FITNESS: Seniors, get social and get fit
My mother and aunt talk nearly every day and, all too often, the subject of weight comes up.
Both are retired (with lots of time on their hands) and inactive (although far from lazy), yet they ramble at length about how to shed the pounds.
I can’t tell you how many seasons I’ve heard: “We’re going to Weight Watchers” or “I found this new program. We’re going to try it.”
It lasts a week or two then fizzles because someone gets busy or somebody’s back/hip/knee is sore.
Recently, they’ve noticed I’ve trimmed up a little over the summer thanks to a fitness challenge I’m taking at the Port Moody recreation complex. I work out — including once a month with a personal trainer — take spin and yoga classes, and, soon, I hope to incorporate aerobics. I also chart my diet every day.
So when I spent a lovely 90 minutes talking with Lulu Chavez and Beth Bexrud last month, I knew I would write an article with my mom and aunt in mind.
For many years, Chavez and Bexrud have led seniors through drop-in classes at the PoMo rec complex and Kyle Centre.
Chavez, a PoMo resident, instructs Forever Fit, a session on Mondays and Wednesdays at 9 a.m. at the Kyle Centre, as well as Seniors Spin and Strength at the rec complex on Mondays at 1:15 p.m.
Her eyes light up when she speaks about her “Forever Fit girls” — a group of women in their late 60s who continue to challenge Chavez physically.
“They’re an inspiration,” she said. “They’re so healthy and happy. They make fitness part of their routine every day. And that’s the way it should be. They are taking care of themselves.”
Forever Fit is a moderate class — i.e., not for beginners — that focuses on cardio, strength and agility, and stretching (Chavez offers options for various positions, depending on fitness levels). According to the city’s Happening Guide, the class aims to improve “posture, movement, efficiency and overall muscular performance related to daily activities.”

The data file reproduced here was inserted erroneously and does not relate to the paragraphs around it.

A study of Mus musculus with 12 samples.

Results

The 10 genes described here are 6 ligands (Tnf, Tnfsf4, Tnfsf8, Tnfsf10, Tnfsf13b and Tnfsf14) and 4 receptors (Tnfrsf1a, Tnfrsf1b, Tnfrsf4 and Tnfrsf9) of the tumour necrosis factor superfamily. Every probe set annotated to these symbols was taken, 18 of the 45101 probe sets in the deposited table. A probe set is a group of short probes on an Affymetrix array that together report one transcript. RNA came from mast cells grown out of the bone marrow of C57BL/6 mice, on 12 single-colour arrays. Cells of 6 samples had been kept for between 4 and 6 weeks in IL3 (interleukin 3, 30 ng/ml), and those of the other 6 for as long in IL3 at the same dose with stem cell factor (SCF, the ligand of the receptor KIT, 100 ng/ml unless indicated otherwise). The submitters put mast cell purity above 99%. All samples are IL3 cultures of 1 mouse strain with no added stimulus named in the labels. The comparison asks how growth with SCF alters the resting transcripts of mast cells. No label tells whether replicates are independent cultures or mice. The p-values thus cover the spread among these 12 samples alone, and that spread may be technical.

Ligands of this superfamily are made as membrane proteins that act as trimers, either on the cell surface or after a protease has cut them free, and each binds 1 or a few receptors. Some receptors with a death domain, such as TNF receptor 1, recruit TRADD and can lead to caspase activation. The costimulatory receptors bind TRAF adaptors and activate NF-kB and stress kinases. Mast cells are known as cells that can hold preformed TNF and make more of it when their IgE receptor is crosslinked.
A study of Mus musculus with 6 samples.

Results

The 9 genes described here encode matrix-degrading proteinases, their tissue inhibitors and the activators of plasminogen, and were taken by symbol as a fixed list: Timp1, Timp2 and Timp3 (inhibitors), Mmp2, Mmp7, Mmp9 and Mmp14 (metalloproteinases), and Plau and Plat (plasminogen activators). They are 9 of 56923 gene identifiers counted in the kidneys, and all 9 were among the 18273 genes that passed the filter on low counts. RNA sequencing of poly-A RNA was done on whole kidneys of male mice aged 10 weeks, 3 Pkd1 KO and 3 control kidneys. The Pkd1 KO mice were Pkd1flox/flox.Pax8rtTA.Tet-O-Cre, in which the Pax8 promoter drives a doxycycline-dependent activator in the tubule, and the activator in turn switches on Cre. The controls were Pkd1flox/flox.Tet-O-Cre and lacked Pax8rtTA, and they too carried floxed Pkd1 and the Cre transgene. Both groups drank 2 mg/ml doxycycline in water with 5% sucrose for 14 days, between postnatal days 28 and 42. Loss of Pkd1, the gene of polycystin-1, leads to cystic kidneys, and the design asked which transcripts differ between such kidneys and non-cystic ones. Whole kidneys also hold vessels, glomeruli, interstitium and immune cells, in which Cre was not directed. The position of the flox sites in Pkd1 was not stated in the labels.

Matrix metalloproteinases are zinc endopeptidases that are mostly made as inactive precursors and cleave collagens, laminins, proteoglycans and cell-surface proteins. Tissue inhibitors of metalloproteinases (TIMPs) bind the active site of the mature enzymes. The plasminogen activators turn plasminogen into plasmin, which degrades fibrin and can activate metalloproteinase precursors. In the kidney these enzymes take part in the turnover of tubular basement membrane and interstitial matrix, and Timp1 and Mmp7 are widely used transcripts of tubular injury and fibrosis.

Best of all, Chavez said, it’s a great way to meet new friends. “This group is very, very social,” she said. “I think it’s one of the most social groups that I have ever taught. And they’re very welcoming, too. I always introduce new people in the class and there’s an instant bond between everybody. It’s very encouraging.”
On the other side of the fitness spectrum for seniors is Osteofit for Life and Joint Works, which are taught by Beth Bexrud, a PoMo resident who has instructed recreational programs for the city for 28 years.
Osteofit for Life, which runs Tuesdays and Thursdays at 1:30 p.m. in the aerobics studio at the PoMo rec complex, was developed in the early 1990s by BC’s Women’s Hospital and Health Centre as an exercise, education and fall-prevention program for people with osteoporosis or low bone density, or those at risk of falls and fractures.
Osteofit instructors, like Bexrud, are specially trained and certified by the hospital.
The moderate program — for people with some exercise background — focuses on the lower back, with lots of stretch and strength training but no forward flexing of the spine and no crunches.
Her Joint Works class, meanwhile, runs Thursdays at 10 a.m. at Kyle Centre and was developed in the 1990s by the Arthritis Society. The gentle program for beginners zeros in on keeping joints mobile and relieving pain by strengthening the muscles around the joints. It is designed to allow participants to stay in a chair, if necessary, and doesn’t require a floor mat.
Both Chavez and Bexrud believe strongly in staying fit — especially for seniors.
“We used to be a zoomers, boomers and seniors’ population in Port Moody,” Chavez said. “Not anymore. There are a lot more seniors here than ever before, and it’s so good to see them get out and enjoying life.”